Read Online Books/Novels:
Play On (Play On #1)
Author/Writer of Book/Novel:
Nora O’Brien chased a dream from Indiana to Scotland, so sure it was the right thing to do. Three years later she was left in her adopted country with nothing to her name but guilt and regret.
Until Aidan Lennox entered her life.
Older, worldlier, a music producer and composer, the sexy Scot should never have made sense for Nora. But somehow, in each other, they found the light they were looking for, the laughter and the passion—the strength to play on despite their past losses.
But when life dealt Aidan another unlucky hand, instead of reaching for her he disappeared. The agonizing loss of him inspired something within Nora. It fired her spirit— the anger and hurt pushing her forward to take control and reach for her dreams.
Finally pursuing a career on stage while she put herself through college, everything is how Nora wants it. She’s avoiding heartbreak and concentrating on her goals.
Sounds easy but it’s not. Because Aidan is back. And for some reason he hates Nora.
He’s determined to be at war with her. And she has absolutely no idea why.
|Books in Series:|
|Books by Author:|
My best friend’s mother once told me, “You would think after numerous attacks of grief the human body would be unable to process any more sadness. But our hearts have an annoying amount of endurance.”
Since she was one of the bravest people I knew, her words stuck with me as I grew older. And I found out she was right. Most people’s hearts are built to withstand loss and grief.
No one, however, said anything about guilt and regret and how those two things can haunt you long after loss.
I didn’t want to be haunted. No one does. So I was pretending I wasn’t and throwing all of my focus at my job. Not my job as a sales assistant in a cute boutique clothing store in Old Town. It just paid the bills. Barely. Which was why I was currently running late after doing overtime at the boutique. I took all the overtime I could get … unless it cut into my other job.
Not really a job, actually. It was so much more than that.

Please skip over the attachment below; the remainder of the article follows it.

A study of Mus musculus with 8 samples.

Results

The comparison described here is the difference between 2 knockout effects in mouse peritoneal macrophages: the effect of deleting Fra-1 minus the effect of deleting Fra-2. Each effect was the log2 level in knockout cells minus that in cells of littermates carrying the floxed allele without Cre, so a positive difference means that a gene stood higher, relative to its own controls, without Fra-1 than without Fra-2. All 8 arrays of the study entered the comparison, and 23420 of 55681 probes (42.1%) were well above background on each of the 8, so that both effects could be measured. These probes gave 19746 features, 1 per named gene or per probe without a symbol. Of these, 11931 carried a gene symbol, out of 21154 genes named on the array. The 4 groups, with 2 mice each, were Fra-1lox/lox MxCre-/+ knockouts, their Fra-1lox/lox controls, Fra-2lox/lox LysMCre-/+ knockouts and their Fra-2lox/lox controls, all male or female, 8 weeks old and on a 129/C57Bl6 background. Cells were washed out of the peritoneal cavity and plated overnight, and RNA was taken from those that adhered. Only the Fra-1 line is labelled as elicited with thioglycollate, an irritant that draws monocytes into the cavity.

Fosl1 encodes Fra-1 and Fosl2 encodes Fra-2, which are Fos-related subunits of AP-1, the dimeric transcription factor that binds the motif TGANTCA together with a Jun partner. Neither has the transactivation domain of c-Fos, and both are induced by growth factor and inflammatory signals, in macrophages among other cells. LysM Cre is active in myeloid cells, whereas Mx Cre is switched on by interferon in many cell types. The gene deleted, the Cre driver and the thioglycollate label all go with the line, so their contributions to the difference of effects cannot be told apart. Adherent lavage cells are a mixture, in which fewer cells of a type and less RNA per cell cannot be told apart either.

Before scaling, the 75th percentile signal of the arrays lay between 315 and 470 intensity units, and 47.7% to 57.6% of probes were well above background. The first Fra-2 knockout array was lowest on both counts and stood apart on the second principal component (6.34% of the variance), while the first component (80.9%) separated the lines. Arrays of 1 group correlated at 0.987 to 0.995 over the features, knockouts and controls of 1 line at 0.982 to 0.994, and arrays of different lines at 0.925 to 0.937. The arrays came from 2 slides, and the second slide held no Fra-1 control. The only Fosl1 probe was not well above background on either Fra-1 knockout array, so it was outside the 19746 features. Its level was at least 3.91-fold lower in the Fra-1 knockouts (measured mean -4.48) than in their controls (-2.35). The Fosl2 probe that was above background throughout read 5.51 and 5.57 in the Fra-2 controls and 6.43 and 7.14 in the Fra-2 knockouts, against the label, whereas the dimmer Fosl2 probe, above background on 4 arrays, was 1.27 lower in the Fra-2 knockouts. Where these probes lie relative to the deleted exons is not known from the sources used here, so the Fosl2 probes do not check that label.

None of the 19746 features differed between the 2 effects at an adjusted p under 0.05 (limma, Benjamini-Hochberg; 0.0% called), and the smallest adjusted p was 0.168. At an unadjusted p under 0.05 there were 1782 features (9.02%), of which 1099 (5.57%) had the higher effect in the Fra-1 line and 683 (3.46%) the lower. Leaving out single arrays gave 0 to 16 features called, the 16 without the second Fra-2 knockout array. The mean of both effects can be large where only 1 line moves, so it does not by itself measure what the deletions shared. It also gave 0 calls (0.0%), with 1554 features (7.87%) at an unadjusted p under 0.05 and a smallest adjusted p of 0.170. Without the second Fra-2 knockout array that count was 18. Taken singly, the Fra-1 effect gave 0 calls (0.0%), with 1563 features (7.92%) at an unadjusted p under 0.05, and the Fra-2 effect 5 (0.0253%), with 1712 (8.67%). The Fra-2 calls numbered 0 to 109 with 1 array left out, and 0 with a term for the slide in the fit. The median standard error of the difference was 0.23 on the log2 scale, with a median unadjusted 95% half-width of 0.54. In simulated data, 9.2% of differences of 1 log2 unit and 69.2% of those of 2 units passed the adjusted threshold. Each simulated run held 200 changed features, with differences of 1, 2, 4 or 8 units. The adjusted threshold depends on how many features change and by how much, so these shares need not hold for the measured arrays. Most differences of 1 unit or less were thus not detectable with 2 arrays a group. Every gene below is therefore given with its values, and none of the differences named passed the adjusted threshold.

“Nora, can you help a customer?” Leah’s head appeared around the doorframe, looking into the closet we called a staff room. “Where are you going?”
I pulled on my backpack and strode past her. “Remember, I finish at twelve today. It’s five after.”
“But Amy isn’t here yet.”
“I’m sorry. I have to get to the hospital.”
Her eyes widened. “Oh? What happened?”
“Uh, excuse me …” A girl stood at the counter looking annoyed. “Can someone help me, please?”
Leah turned to help the customer and I took the opportunity to dash out of the store without having to explain myself. I knew my boss probably regretted hiring me. She hired two Americans: Amy and me. Only one of us lives up to our national reputation of being a friendly extrovert.
Take a guess which one of us.
It’s not that I’m not good at my job, or even that I’m not friendly. I just don’t share personal shit with people I don’t really know, and Amy and Leah seemed okay with telling each other everything from their favorite color to their partners’ ability to give them an orgasm on a Friday night.
As I climbed the hill from the shop and hurried up the old cobbled road of the Royal Mile, my anxiety increased. It was stupid because the kids would be there when I arrived, but I hated the idea of being late. In the weeks that I’d been visiting, I hadn’t been late once. And I still needed to change my clothes. I’d have to do it when I got there but before any of them saw me.
They called Edinburgh the windy city, and today—behaving like its forces were against me—it lived up to its name. I strode into the wind feeling its icy resistance. A whimsical part of me wondered if the city was trying to tell me something. Would I look on this day in the future and wish I’d listened to it and turned back? Weird crap like that crossed my mind a lot lately. I lived in my head.
But not one day out of the week.
Today was for them.
Hurrying, I cut a twenty-minute walk down to fifteen. It would’ve been less if not for the damn wind. I almost skidded to a stop once I reached the ward, the nurses looking up in surprise when I appeared at their station sweaty and out of breath.
“Hey,” I puffed out.
Jan and Trish grinned at me. “We didn’t know if you were coming today,” Jan said.
I grinned back at Jan. “Only illness or death.”
Catching my meaning, she chuckled and came around the nurses’ station. “They’re all in the common room.”
“Where can I change before they see me?”
She shook her head in amusement. “They won’t mind.”
“I know.” I shrugged.
“Alison is in the common room, so her private bathroom will be free.” She gestured down the hall in the opposite direction of the common room.
“Thanks. Two minutes,” I promised.
“They’re already here. Both of them,” Jan said.
Relieved, I nodded and darted through Aly’s empty private room to her bathroom, the door banging shut behind me.
Yanking off my sweater and jeans, I began to feel a little hum of excitement in my belly, as I always did when I was about to spend time with them. And it was about them.
“It is,” I snapped at myself.
I pulled on my green leggings and shirt and was about to button the shirt closed when the bathroom door suddenly jerked open.
The breath left my body as I froze, looking up at his familiar eyes staring down at me.
He was so tall, his shoulders so broad, he almost filled the entire doorway.
I tried to open my mouth, to ask him what he thought he was doing, but the words got stuck as his gaze drifted from my eyes to my lips, and down. His perusal was long and thorough, from head to toe and back up again. He lingered on the sight of my bra beneath the open shirt, and when his eyes finally returned to meet mine, they were brimming with heat.